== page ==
Mesoblast (ASX:MSB) has released more data from its halted COVID-19 trial, saying its stem cell treatment apparently significantly reduced mortality in severely ill younger patients – but the controversial biotech isn’t sure it will seek an emergency use authorisation for it.

Mesoblast’s remestemcel-L infusion reduced death by 46 per cent in ventilator-dependent patients under age 65, but not in patients 65 and older, the study indicated. When remestemcel-L was combined with the anti-inflammatory medication dexamethasone, it appeared to cut mortality by 75 per cent, compared to when dexamethasone was used alone.

An independent committee stopped the US trial in December after 222 patients had been enrolled, rather than the 300 planned, because the data monitoring board judged the study was unlikely to meet its primary endpoint of a 43 per cent reduction in death at 30 days.

Mesoblast shares plunged by more than a third on the news, and have declined further in the past few months, yesterday closing at a one-year low of $1.83.

At 10.18am this morning, Mesoblast shares were up 10.9 per cent to $2.03, still down significantly from over $5 in September.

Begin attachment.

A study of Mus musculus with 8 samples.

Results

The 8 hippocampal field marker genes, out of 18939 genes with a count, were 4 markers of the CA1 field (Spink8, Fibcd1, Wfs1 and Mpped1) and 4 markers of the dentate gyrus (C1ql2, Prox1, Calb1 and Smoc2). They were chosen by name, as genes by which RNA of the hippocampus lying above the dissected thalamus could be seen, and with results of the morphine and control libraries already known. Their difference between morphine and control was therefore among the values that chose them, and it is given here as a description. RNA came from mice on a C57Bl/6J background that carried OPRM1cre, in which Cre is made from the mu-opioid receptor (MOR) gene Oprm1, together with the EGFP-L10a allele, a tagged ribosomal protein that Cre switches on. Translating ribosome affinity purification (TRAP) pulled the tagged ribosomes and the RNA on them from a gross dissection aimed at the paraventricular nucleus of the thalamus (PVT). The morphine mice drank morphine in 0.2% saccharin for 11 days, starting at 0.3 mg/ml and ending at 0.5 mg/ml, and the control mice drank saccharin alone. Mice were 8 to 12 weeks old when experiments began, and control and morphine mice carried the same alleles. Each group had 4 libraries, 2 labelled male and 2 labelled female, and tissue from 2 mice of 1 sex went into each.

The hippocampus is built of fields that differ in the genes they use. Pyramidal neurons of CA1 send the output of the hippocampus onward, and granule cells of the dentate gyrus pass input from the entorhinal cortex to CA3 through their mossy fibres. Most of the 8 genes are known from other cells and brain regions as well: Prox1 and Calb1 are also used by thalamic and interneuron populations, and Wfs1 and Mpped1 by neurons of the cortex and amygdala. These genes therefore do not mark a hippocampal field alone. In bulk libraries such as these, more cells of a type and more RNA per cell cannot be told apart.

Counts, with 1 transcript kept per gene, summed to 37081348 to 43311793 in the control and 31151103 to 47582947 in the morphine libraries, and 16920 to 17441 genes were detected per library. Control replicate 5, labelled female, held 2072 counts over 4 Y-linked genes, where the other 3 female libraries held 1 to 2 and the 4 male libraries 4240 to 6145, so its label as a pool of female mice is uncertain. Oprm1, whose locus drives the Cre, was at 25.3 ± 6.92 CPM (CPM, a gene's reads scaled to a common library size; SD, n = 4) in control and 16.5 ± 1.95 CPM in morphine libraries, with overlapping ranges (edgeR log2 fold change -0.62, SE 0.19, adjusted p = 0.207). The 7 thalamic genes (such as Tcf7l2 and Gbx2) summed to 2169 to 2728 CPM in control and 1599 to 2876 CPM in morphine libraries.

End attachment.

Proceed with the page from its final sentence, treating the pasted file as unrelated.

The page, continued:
Results ‘exciting’, ‘important’

On a conference call with analysts this morning, Mesoblast chief executive Dr Silviu Itescu called reduction in mortality “exciting” and “very important” and said that perhaps a different dosing regimen might be more effective in older patients, whom he noted have more comorbidities (health problems).

Itescu and chief medical officer Dr Fred Grossman said the company was still in discussions with the FDA about using remestemcel-L to treat graft-versus-host disease in children, a complication of bone marrow transplants.

But Itescu said it was too early to say whether Mesoblast would seek an emergency use authorisation with the FDA for using remestemcel-L as a COVID-19 treatment.

“As noted, this study was stopped before its completion, and the signal detection work that we’ve done has been something that’s very very important, and significant enough to warrant these discussions with the FDA for suitable paths forward,” Dr Grossman said.

There’s no COVID-19 treatment that substantially reduces mortality, he said.